In order for employees to be dynamic, productive, and successful at their work, they should be motivated and feel that their work is meaningful.
Very often, the corporate work environment causes employees to slip into exhausting and monotonous reluctance, and very quickly they’re going through the motions. This is mostly because of the constant routine of a traditional 9 to 5, and lack of finding personal meaning in the work they do.
Money talks, that’s for sure. Though in US, although salary is the most practical reward to improve the quality of an employee’s personal life, the correlation toward salary increase and high work productivity is a bell curve. An increase in salary only increases productivity to a certain extent, and then the effect wares off.
In this article, Forbes Business spoke to entrepreneur, Bryan J. Zaslow, the founder of job placement companies in the fashion industry within JBCHoldings such as JBCStyle, JBCPlatform, JBCconnect, Project Soulmate, and others.
His main point is this: The key to keeping employees motivated (and in general, happy) is to keep them feeling meaningful; that they are an integral part of the workplace community and the company’s progress.
Some tips from Bryan J. Zaslow:
Through the years, I found that it was easy to keep employees motivated – all I had to do was provide them with a leader worth following and tasks worth fulfilling. But after almost seven years in business, I still find myself searching for new ways to maintain productivity while providing each individual with the drive they need to perform:
1. Here’s what the employer can do to be their best:
Be a leader worth following. This point falls in my lap alone. If my employees don’t perceive me as a worthy leader, how can I expect them to believe in our mission and help to achieve it?
Set an example. I can’t expect my employees to do anything that I wouldn’t do. I always ask myself if the expectations that I set for my employees are comparable to the expectations that I would set for myself.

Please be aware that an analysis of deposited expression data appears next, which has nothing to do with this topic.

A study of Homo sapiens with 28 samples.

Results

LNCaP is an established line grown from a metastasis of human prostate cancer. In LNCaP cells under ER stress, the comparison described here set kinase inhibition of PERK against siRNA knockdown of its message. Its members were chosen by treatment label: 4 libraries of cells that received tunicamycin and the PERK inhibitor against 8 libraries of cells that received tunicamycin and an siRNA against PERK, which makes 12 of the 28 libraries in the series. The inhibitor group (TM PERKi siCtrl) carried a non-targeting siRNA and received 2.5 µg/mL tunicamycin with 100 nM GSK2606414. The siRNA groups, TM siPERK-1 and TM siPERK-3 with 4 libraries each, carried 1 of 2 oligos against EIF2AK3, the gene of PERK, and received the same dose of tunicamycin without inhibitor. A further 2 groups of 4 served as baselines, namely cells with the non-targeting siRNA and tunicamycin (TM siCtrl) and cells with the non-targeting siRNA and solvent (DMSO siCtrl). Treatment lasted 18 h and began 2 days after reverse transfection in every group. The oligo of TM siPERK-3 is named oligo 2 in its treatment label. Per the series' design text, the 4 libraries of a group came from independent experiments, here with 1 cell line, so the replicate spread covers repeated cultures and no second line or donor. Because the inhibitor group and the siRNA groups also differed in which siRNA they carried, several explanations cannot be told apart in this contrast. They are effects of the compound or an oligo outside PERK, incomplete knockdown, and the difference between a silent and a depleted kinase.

Create attainable goals. Setting goals are important, but ensuring they aren’t set too loftily by the employer or employee will help determine whether or not the goal is achieved come year-end evaluations.
Be clear with expectations. Don’t leave too much to be determined. Set clear expectations so you can plan for specific results.
Give credit where credit is due. Although employees come to work to complete their appointed tasks, it’s still an accomplishment if they do it well. Recognize their hard work by shouting them out to the entire company.
Acknowledge professional achievement. Everyone wants to be recognized. The acknowledgement of a job well done coming from upper management or the owner of the company will mean more to an employee than you think.
Keep an open mind. I’m always open to new ideas and new methods. Anything new is worth exploration and consideration.
Embrace change. Fighting change is harder than embracing change. I have practiced this more recently in regards to social media and living in the digital age. I also encourage my employees to do the same.
2. Here’s some ways to boost employee morale, happiness and motivation:
Empower each individual: show employees that they are meaningful. Every single individual contributes to the bottom line. Empowering them to excel in their role, no matter how large or small, creates a sense of ownership that will lead to meeting and exceeding expectations.
Encourage individuality. Everyone is different. Encouraging individual personalities to shine through will not only help create a diverse and dynamic culture, it will also foster an open and accepting work environment. We have a lot of characters here at JBC – the more the merrier.
Foster creativity. A creative environment is a thriving one. Encourage creativity and watch your business flourish as thinking outside of the box becomes the norm.
Recognize strengths. Bringing out the best in people is a talent every entrepreneur should strive to master.
Encourage learning new skills. Times are changing. Ensuring that every willing employee has the opportunity to learn a new skill or brush up on an old skill will benefit everyone involved
Make things interesting. Shaking things up every now and then is a good way to break up the day-to-day routine of the work schedule.
Don’t let them become bored. I get bored easily, so I assume my employees also have a short attention span. Host a cupcake bake-off, plan a happy hour, start a push-up contest in the middle of the office on a Wednesday, or allow a different person to run the weekly meetings to break up the monotony.
Listen. This is probably the easiest thing you can do for an employee; yet, it can also be the most difficult. Carving out some time each day to listen to anything from concerns to ideas will not only make your employees happy, it will also provide you with much-needed insight on your business from the people who help keep it running.
Welcome new methods. The digital age is changing life as we know it. Embracing, rather than avoiding, new methods will ensure your business and employees stay ahead of the competition.
Give them a reason to come to work – every day. Showing up to work five days a week, ready to exceed expectations, requires a level of loyalty that can only be achieved if morale is high.
“An employee who enjoys coming to work is a worthy investment.”
Read this full article, 37 Ways To Keep Your Employees Motivated From A 37-Year-Old Entrepreneur.